WASHINGTON — Attorney General Jeff Sessions has issued a memo revoking a previous determination by Obama Attorney General Eric Holder that Title VII of the Civil Rights Act of 1964 includes gender identity.
“Title VII expressly prohibits discrimination ‘because of … sex’ and several other protected traits, but it does not refer to gender identity. ‘Sex’ is ordinarily defined to mean biologically male or female,” the memo, issued on Wednesday to federal prosecutors, read.
It noted that the U.S. Supreme Court has similarly concluded in legal precedent that “[t]he critical issue, Title VII indicates, is whether members of one sex are exposed to disadvantageous terms or conditions of employment [or other employment actions] to which members of the other sex are not exposed.”
“Although Title VII bars ‘sex stereotypes’ insofar as that particular sort of ‘sex-based consideration’ causes ‘disparate treatment of men and women,’ Title VII is not properly construed to proscribe employment practices (such as sex-specific bathrooms) that take account of the sex of employees but do not impose different burdens on similarly situated members of each sex,” the memo continued.
Therefore, “Title VII’s prohibition on sex discrimination encompasses discrimination between men and women but does not encompass discrimination based on gender identity per se, including transgender status,” Sessions concluded.
Consequently, he withdrew the Obama administration’s determination that Title VII pertains to transgenders and advised that the Department of Justice (DOJ) will take the position that it does not unless the courts rule otherwise.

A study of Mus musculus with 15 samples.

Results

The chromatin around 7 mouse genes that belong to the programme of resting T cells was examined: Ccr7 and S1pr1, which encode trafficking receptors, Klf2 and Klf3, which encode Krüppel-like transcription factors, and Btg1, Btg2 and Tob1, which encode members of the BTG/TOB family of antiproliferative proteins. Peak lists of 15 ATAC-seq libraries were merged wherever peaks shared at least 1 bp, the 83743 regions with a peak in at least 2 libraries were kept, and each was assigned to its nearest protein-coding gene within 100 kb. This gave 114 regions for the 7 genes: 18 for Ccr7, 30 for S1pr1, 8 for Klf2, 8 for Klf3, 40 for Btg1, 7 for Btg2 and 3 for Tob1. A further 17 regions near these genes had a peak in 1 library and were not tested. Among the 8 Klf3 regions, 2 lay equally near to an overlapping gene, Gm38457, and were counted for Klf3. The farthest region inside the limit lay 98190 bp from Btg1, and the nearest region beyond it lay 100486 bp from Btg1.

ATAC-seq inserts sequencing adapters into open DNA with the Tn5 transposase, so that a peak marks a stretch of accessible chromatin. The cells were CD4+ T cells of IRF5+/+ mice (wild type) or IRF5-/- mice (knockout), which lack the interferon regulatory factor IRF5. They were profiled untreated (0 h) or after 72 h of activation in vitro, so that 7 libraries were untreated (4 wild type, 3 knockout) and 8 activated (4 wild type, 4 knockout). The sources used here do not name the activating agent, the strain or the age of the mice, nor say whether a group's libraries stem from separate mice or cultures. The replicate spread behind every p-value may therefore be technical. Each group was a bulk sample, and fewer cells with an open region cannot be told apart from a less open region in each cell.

“I have determined that the best reading of Title VII’s prohibition of sex discrimination is that it encompasses discrimination based on gender identity, including transgender status,” Holder wrote in 2014. “The most straightforward reading of Title VII is that discrimination ‘because of … sex’ includes discrimination because an employee’s gender identification is as a member of a particular sex, or because the employee is transitioning, or has transitioned, to another sex.”
Sessions noted that his revocation of Holder’s memo should not be construed as a license to mistreat those who suffer from gender dysphoria, nor does it affect the federal Hate Crimes Prevention Act or the Violence Against Women Reauthorization Act. He vowed to continue to “vigorously” enforce such laws, including in regard to crimes against those who present themselves as “transgender.”
The DOJ says that it simply cannot read into the statute what Congress has not expressly stated in the text.
“The Department of Justice cannot expand the law beyond what Congress has provided,” spokesperson Devin O’Malley outlined, according to CNN. “Unfortunately, the last administration abandoned that fundamental principle, which necessitated today’s action. This department remains committed to protecting the civil and constitutional rights of all individuals, and will continue to enforce the numerous laws that Congress has enacted that prohibit discrimination on the basis of sexual orientation.”
As previously reported, in July, the DOJ filed an amicus brief in the case of Zarda vs. Altitude Express to similarly assert that Title VII does not pertain to homosexuality. The case involved a skydiving instructor who was fired for failing to “provide an enjoyable experience for the customer” after a man complained that the instructor had informed his girlfriend that he was homosexual.
“The essential element of sex discrimination under Title VII is that employees of one sex must be treated worse that similarly situated employees of the other sex, and sexual orientation discrimination simply does not have that effect,” it wrote.
“The sole question here is whether, as a matter of law, Title VII reaches sexual orientation discrimination,” the DOJ stated. “It does not, as has been settled for decades. Any efforts to amend Title VII’s scope should be directed to Congress rather than the courts.”